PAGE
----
Electronic equipment is often designed with built-in circuit protection. The main function is to provide protection to both the equipment and the equipment operator in the event of a circuit overload.

This protection usually comes in one of two forms: a circuit breaker or a fuse. A circuit breaker is an automatic switch that prohibits the flow of electric current when it is rapidly overloaded or unusually stressed. A fuse is a safety device that protects an electric circuit from excessive current.

In principle, a circuit breaker is like a fuse—it can open the circuit pathway in the event of an overload or short circuit. Unlike the fuse, the circuit breaker is reusable. It is available in a manual or automatic reset. A manual reset requires the user to press a button or move a lever (or switch) to reset the circuit pathway. An automatic reset will return to normal functioning once normal conditions resume.

When the current is larger than the circuit breaker is designed to handle, the switch contacts open, breaking the current. This occurrence is often referred to as being “tripped.” When the issue is resolved (whatever “tripped” the circuit is repaired), the circuit breaker can be reset by a push of a button or a flip of a switch. The contacts will remain closed unless another overcurrent fault condition occurs in the protected circuit, causing it to trip again. Circuit breakers can be designed to trip more rapidly than fuses, although they are typically larger and costlier.

Circuit breakers only protect against low-level faults and are not meant to clear faults with high-voltage levels. A circuit breaker is not a surge resistor for catastrophic events, such as lightning strikes or high-voltage line shorts.

Examples of Circuit Breakers Offered by Interpower

82910030 82910090 82910160 82910270
P/N Current Rating (250VAC) Terminal Style Max Interrupt Capacity Internal
Resistance (Ω)
82910030 4A 4/6.3mm or 8/2.8mm 250A 0.087 Ohms
82910040 6A 4/6.3mm or 8/2.8mm 250A 0.043 Ohms
82910050* 8A 4/6.3mm or 8/2.8mm 250A 0.033 Ohms
82910060 10A 4/6.3mm or 8/2.8mm 250A <0.04 Ohms
82910080 15A 4/6.3mm or 8/2.8mm 250A <0.04 Ohms
82910090 10A 4/6.3mm or 8/2.8mm 250A <0.02 Ohms
82910160 10A 4/6.3mm or 8/2.8mm 250A <0.04 Ohms
82910270 15A 4/6.3mm or 8/2.8mm 3500A <0.02 Ohms

*Available while supplies last.

Characteristics of a Circuit Breaker

  • A circuit breaker is reusable and can be reset after it has tripped. While it may take longer for a circuit breaker to trip when exposed to moderate overloads, at high overloads it tends to trip more quickly. When tripped, it provides a clear indication that it has tripped.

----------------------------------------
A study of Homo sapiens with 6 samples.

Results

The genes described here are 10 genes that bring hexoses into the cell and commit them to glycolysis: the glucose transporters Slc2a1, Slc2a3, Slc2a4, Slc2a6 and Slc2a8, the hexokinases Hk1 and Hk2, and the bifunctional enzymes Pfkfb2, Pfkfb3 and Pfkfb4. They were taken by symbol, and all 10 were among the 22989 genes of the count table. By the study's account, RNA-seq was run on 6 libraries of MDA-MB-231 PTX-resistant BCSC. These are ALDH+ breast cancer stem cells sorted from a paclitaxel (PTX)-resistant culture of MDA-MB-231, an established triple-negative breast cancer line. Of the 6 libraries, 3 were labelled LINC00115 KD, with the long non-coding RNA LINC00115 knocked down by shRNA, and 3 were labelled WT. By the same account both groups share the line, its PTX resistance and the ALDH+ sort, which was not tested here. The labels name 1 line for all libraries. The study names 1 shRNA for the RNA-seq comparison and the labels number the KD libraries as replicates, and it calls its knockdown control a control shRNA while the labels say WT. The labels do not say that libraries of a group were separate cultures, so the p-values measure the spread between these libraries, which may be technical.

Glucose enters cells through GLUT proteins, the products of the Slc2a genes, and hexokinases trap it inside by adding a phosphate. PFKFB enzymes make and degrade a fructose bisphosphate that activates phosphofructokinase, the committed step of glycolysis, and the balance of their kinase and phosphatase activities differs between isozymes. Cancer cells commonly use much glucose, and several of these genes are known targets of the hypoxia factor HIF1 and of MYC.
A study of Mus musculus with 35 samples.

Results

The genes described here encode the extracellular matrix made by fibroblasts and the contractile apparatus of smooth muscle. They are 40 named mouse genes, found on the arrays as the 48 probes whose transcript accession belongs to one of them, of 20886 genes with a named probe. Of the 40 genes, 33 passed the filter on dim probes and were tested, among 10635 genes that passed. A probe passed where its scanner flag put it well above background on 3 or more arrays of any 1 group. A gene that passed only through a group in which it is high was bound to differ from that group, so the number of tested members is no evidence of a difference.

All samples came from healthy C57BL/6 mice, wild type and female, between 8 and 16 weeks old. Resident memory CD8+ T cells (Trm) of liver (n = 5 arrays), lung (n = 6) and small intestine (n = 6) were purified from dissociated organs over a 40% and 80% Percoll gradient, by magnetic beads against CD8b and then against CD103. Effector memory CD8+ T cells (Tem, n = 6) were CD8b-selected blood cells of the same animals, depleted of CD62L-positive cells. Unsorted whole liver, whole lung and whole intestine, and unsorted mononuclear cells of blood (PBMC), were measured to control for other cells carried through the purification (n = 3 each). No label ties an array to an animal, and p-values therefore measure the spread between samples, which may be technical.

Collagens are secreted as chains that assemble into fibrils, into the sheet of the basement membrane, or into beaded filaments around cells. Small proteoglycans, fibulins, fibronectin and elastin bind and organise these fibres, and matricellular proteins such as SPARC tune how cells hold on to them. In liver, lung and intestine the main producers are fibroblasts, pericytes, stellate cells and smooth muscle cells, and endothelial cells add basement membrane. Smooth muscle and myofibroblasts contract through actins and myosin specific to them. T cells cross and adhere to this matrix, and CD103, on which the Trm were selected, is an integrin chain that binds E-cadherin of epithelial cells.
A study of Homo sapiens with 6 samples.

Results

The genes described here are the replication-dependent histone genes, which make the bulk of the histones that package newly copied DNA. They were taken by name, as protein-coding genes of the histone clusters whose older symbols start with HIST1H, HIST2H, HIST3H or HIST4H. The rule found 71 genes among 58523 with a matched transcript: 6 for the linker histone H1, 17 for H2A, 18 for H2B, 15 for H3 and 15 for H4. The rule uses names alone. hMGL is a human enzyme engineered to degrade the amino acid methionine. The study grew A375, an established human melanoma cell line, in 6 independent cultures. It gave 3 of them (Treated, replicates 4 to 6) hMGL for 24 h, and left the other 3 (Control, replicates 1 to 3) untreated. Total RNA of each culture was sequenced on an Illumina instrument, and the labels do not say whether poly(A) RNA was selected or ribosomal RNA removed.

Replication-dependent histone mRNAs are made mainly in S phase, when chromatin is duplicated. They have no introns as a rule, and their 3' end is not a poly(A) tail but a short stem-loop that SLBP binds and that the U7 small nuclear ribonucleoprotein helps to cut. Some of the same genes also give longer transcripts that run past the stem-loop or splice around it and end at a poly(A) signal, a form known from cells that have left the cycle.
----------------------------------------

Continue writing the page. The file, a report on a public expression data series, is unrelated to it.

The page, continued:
• It can eliminate an incorrect fuse replacement because it is reusable. When a fuse is needed, there is the possibility that an incorrectly rated fuse may be used which could result in injury or equipment damage.

  • A circuit breaker’s design allows for repeated use. It can be used many times before needing to be replaced. Factors that may affect its life span include arc strength, setting time, and frequency of resetting.

  • Ambient temperatures do not affect some types of circuit breakers as much as a supplementary fuse may be affected.

  • A circuit breaker can be combined with a switch providing both on/off and circuit protection in one unit.

  • A circuit breaker, when compared to a supplementary fuse, is larger in size, so it take up more panel and internal space. It if does become disabled, replacing one may require a technician to replace it.

  • The ratings are in larger increments for a circuit breaker. Many are not available with the minute adjustment levels of certain fuses. For example, a fuse can be in milliamps, while a circuit breaker is in even or half increments.

  • Initially, a circuit breaker may be more costly than a fuse. The savings can come with the reduction in replacing components.

Application

Location Requirements

Location of the supplementary protection device is important. Ambient temperature can affect the operation of the supplementary device. The impact is especially true on thermal devices. Warmer temperatures can cause it to open prematurely. Cold temperatures can cause it to have a delayed response.

The ease of changing or resetting the supplementary protection device is important and needs to be considered in the selection process. Placement in the most accessible location is ideal, but closeness to the power as it enters the equipment can be a concern. Having to pull out the equipment when the protection device fails is not convenient.

Performance Requirements

The performance capability of a supplementary circuit protection device determines its use. Fuses can be fast-acting or time-delayed. Selection depends on the need within the equipment. While circuit breakers can do the same thing, they are not as sensitive in the interruption capacity.

Connections

Terminations used on circuit breakers can come with a combination terminal that will accept soldering or a 6.3mm QD—which are the kinds offered by Interpower. The choice of method is left up to the customer.

For More Details

For the complete product line offered by Interpower, see Circuit Breakers. Find additional information on circuit protection and supplementary protection at “More Information on Circuit Breakers.”